There have been numerous reports in the media of tenants handing over money in good faith, hoping to move into their new home, only to be shocked to discover that the landlord is not who he/she claimed to be, the property doesn’t actually exist, or someone else is living there. One example found that a property had been “let” to eight people, each of whom believed they were the rightful tenant.

So how can prospective tenants know for sure that they are not being ripped off, and how can legitimate landlords earn their trust?

1. In the same way that it is better to buy a car from a recognised dealer than on Ebay, tenants should avoid dealing directly with a “landlord” who advertises privately. Always choose a recognised lettings agency. They will ideally have a local office and plenty of properties on their website. They should also be well represented on the property portals.

2. A good letting agency will be a member of a trade association such as the Association of Residential Letting agents (ARLA Propertymark). But don’t assume that just because the agent has their logo on their website that the agency is actually a member. Go to the association’s website and search for the agent in their published list of approved agents.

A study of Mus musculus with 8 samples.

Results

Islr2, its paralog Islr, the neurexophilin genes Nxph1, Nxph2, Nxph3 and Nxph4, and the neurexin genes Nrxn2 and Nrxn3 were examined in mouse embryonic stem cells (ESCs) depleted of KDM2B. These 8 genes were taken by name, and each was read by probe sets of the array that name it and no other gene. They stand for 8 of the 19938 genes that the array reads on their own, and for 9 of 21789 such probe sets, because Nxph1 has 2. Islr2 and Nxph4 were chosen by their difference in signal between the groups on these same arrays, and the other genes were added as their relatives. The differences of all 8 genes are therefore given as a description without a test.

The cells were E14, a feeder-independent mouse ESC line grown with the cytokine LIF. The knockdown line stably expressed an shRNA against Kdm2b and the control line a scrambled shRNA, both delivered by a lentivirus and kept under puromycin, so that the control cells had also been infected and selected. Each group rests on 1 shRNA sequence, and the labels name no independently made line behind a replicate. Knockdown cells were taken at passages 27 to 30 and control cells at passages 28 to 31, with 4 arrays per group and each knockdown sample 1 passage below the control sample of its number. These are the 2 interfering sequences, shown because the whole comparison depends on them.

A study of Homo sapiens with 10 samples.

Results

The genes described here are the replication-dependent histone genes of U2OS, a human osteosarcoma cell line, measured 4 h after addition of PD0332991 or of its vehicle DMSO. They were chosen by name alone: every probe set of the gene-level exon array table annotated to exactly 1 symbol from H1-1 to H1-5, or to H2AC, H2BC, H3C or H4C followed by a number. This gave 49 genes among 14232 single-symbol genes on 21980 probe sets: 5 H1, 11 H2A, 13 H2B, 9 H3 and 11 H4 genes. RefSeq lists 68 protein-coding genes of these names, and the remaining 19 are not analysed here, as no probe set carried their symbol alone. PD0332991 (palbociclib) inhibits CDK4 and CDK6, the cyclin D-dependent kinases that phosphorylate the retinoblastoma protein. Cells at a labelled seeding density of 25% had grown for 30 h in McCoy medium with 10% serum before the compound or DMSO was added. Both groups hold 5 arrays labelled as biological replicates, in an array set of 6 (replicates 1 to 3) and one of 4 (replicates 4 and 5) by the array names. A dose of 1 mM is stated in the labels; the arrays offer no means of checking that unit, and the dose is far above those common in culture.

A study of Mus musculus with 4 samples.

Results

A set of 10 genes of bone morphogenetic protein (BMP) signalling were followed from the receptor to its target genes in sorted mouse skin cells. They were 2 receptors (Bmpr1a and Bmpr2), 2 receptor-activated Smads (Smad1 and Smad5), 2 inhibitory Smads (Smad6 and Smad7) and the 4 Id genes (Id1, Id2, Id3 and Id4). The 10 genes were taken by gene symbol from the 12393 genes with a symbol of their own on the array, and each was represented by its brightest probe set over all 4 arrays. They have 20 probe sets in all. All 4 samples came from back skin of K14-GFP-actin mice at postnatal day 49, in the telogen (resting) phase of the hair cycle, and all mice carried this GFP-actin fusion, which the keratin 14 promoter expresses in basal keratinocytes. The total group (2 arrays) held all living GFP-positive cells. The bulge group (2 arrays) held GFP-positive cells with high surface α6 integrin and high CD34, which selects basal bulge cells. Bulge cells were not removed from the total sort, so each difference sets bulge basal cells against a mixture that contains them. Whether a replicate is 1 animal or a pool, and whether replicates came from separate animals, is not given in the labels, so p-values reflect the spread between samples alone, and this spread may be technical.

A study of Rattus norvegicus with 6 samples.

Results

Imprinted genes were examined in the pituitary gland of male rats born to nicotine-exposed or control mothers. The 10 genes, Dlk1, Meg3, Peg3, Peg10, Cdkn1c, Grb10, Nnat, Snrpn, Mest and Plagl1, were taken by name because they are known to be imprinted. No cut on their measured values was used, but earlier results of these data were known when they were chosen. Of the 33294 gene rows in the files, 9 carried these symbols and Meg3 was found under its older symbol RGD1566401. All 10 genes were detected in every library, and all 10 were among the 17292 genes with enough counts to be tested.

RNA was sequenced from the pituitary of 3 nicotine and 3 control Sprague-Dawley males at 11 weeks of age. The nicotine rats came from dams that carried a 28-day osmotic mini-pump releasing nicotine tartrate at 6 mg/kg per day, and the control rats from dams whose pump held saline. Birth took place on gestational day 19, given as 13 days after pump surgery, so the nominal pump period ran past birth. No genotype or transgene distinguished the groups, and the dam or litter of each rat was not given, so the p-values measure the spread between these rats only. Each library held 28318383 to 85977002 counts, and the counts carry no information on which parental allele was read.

3. Ideally, use a letting agent who has been recommended to you and is relatively local to the property you are hoping to rent. If something went wrong – how easy would it be for them to respond? Don’t hand over any deposit unless it is held in a properly recognised Tenancy Deposit Scheme account. You should then receive a Tenancy Deposit Protection Certificate with a unique code on it. By law, a landlord or letting agent must give you “prescribed information” including the contact details of both landlord and tenant, the rental property’s address, the deposit amount and the information leaflet supplied by the scheme. There are stringent penalties in place for landlords or agents who fail to adhere to these regulations with compensation of up to three times the amount of deposit potentially payable. They may also not be able to regain possession of the property. You can check that your deposit has been registered (within 30 days of paying it) at www.tenancydepositscheme.com.

4. You should also receive a Gas Safety certificate (if applicable), an Energy Performance Certificate and a ‘How to Rent’ guide.

5. Letting agents are no longer permitted to charge tenants any fees for their services and rent deposits are capped at 5 weeks’ rent. Holding deposits are capped at one week’s rent.

Needless to say, we fulfil all of the above criteria and more, so both our landlords and tenants can be fully reassured that their money, and their home, will be safe.

© Copyright 2021 Richard Rawlings except as excluded under licence.